You shouldn’t judge someone until you have walked a mile in their shoes.
The phrase is often consigned to the dustbin of well-worn clichés, even if most of us would basically agree to the sentiment it is attempting to express. Behind every destructive or harmful or just plain irritating behaviour or set of behaviours that we seek to “correct” in others is a human being with a story. Rather than resorting to judgment and easy labels (“addict,” “psycho,” “loser,” etc), we ought to take time to get to know the story behind the behaviour—to make some attempt, however minimal, to understand the journey that has led someone to where they are now.
This was, in very rough form, the message delivered by Dr. Gabor Maté at a lecture called “Who is My Neighbour?” here in Lethbridge last night. Dr. Maté is famous for his work on identifying and addressing the root causes of mental illness, addiction, and homelessness, and has spent twelve years working in one of the most desperate contexts in Canada—Vancouver’s infamous Downtown Eastside. While the depth and breadth of Maté’s knowledge and experience with addiction, homelessness, and mental illness was on full display in his excellent lecture, the message, in the end, was quite simple: treat people—all people—the way you would like to be treated. If you would like to be the recipient of compassion and understanding, then offer these things to others. If you would prefer that people make some attempt to understand why and how you have ended up in a difficult situation, make this attempt with others. If you would like to be treated like a human being instead of a project or a problem to solve, then treat others—especially those who are easiest to dehumanize—like human beings. Not exactly rocket science, is it? Do unto others and all that…
Yet while the concept might not be difficult to grasp, we find this incredibly hard to put into practice. It’s so much easier to make snap judgements—to label those who don’t think like us, or act like us, or believe like us as unintelligent or unspiritual or hopeless or immoral or stubborn or _____. It’s so much easier to convince ourselves that our dispositions, behaviours, and beliefs are the result of the choices we have (freely) made (when it comes to the good ones), or are the result of a complex set of circumstances that we couldn’t control (when it comes to the bad ones). But when it comes to others, we assume that the bad stuff represents some inherent flaw in their nature or character or race or orientation or is the result of their upbringing or religious indoctrination or whatever. We can usually tell a pretty nuanced (and in some cases, imaginative) tale when it comes to the root causes our beliefs and behaviour, but when it comes to other people, it is suddenly much easier to accept easy (and harsh) explanations,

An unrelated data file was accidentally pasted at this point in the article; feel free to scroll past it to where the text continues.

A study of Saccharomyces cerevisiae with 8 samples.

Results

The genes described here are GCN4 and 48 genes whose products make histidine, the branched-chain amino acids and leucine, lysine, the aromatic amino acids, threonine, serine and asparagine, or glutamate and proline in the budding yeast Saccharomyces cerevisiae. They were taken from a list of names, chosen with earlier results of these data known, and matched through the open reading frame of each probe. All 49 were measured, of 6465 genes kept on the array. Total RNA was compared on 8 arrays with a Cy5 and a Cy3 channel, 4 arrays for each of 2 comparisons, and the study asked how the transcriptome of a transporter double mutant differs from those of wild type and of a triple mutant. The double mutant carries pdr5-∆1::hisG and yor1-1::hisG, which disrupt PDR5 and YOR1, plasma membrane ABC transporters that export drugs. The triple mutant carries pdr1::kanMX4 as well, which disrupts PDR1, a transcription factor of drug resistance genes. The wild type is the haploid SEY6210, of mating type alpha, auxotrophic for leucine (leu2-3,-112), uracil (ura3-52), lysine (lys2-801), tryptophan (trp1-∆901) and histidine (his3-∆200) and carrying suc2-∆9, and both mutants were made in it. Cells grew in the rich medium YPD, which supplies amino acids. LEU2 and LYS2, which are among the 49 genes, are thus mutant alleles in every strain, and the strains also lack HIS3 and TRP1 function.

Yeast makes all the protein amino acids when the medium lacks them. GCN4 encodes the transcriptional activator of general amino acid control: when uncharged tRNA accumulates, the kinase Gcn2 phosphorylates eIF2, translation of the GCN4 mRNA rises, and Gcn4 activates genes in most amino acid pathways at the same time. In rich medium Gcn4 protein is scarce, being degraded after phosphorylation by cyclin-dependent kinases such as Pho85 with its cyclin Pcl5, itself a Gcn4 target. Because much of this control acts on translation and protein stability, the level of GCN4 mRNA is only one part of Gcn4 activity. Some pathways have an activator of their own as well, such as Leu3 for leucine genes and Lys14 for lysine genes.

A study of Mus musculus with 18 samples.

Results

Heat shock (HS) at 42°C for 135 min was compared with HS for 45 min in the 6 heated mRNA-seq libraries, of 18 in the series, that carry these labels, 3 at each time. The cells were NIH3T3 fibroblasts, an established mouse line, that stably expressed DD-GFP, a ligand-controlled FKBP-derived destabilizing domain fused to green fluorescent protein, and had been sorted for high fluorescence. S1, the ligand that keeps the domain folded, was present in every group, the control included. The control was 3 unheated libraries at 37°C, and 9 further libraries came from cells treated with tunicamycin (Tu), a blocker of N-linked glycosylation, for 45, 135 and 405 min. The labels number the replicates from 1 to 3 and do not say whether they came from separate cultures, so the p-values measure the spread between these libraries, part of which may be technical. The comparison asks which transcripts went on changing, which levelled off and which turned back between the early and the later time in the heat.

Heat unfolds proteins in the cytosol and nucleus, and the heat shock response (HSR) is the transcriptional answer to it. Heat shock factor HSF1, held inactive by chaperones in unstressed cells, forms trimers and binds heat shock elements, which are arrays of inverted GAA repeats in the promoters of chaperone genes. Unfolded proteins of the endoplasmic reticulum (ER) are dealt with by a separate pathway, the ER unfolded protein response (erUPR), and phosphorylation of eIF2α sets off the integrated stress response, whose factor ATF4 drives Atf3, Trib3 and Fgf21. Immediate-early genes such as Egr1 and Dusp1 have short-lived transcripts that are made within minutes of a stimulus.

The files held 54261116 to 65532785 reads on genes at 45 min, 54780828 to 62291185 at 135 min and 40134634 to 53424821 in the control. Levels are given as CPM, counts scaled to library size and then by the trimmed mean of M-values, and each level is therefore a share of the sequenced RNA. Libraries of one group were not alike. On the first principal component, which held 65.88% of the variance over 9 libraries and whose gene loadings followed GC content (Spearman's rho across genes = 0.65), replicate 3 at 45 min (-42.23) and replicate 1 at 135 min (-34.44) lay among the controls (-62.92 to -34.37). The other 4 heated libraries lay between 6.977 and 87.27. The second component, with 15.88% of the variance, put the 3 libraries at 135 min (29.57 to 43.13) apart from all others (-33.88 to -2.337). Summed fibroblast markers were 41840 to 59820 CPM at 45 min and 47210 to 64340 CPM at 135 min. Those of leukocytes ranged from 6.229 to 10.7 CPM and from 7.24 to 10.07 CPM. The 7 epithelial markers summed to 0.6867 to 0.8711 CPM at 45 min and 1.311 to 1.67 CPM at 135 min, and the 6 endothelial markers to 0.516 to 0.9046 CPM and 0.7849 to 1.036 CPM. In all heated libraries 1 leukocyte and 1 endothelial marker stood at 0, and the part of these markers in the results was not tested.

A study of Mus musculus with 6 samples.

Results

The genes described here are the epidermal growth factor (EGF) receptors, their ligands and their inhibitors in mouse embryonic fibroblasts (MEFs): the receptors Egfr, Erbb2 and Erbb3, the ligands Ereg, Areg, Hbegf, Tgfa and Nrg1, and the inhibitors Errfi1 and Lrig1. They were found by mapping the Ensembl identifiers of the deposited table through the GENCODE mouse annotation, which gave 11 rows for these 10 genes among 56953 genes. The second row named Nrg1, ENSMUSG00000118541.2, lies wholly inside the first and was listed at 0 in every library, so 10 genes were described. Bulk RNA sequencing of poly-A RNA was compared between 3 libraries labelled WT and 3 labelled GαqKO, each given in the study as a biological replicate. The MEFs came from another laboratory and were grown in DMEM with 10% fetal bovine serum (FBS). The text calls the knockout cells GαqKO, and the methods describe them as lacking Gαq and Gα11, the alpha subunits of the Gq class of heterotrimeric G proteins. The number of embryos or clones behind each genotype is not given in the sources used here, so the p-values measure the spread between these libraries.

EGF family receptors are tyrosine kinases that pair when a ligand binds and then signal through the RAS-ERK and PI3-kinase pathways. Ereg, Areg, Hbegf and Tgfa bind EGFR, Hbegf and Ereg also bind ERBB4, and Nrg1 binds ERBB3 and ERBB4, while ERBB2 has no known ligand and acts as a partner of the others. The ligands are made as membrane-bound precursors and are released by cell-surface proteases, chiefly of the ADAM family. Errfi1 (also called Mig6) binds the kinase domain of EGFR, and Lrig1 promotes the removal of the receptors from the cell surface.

Maté’s plea was for a recognition of the centrality of relationships. This, too, can sound cliché. “It’s all about relationships”—yeah, sure, but what does that mean? Well, it undoubtedly means a lot of things. But at the very least, it means that we don’t write people off or place them in categories that serve to reinforce boundaries between us. It means that we don’t judge and condemn people in order to keep them at a safe distance from us. It means that we take the time to hear people’s stories—to be patient enough to trace the lines that have led from point A to point B in a human life and to consider how the unique set of experiences (positive and negative) that they have faced might have affected us. It means that we do the sometimes difficult work of discovering and reinforcing the things that unite us as human beings, rather than magnifying (or inventing) the things that divide us.
Of course, as I listened last night I couldn’t help but think of how Maté’s insights might be applied in the realm of faith. We are often so quick to judge people who don’t think or believe like us. We tend to assume that our worldviews are pretty much an exact map of reality and that our job is to get others to quickly and straightforwardly adopt our map. But we very often have no idea what has led someone to accept or reject this or that “map” of the world. We have no idea what shadows might lurk in the background, what associations or connections with this or that set of religious beliefs might exist, what abuses or misuses might have occurred in someone’s past, what obstacles might exist for someone else that we have never faced. Or, for that matter, the things in our own life that conspire against our being open to God’s coming in ways that we do not expect.
It seems to me that religious people are often uniquely adept at reinforcing boundaries and trading in snap judgments. This isn’t always the case (thank God!), but it occurs often enough to observe a trend. When it comes to talking about faith, perhaps we could use Maté’s reminder that relationships are central—that our first, and most important task in these matters, is not to “convert” our neighbour but to try to understand their story to this point just as we would hope for the same from them. This is at least part of what it means to love our neighbours as ourselves.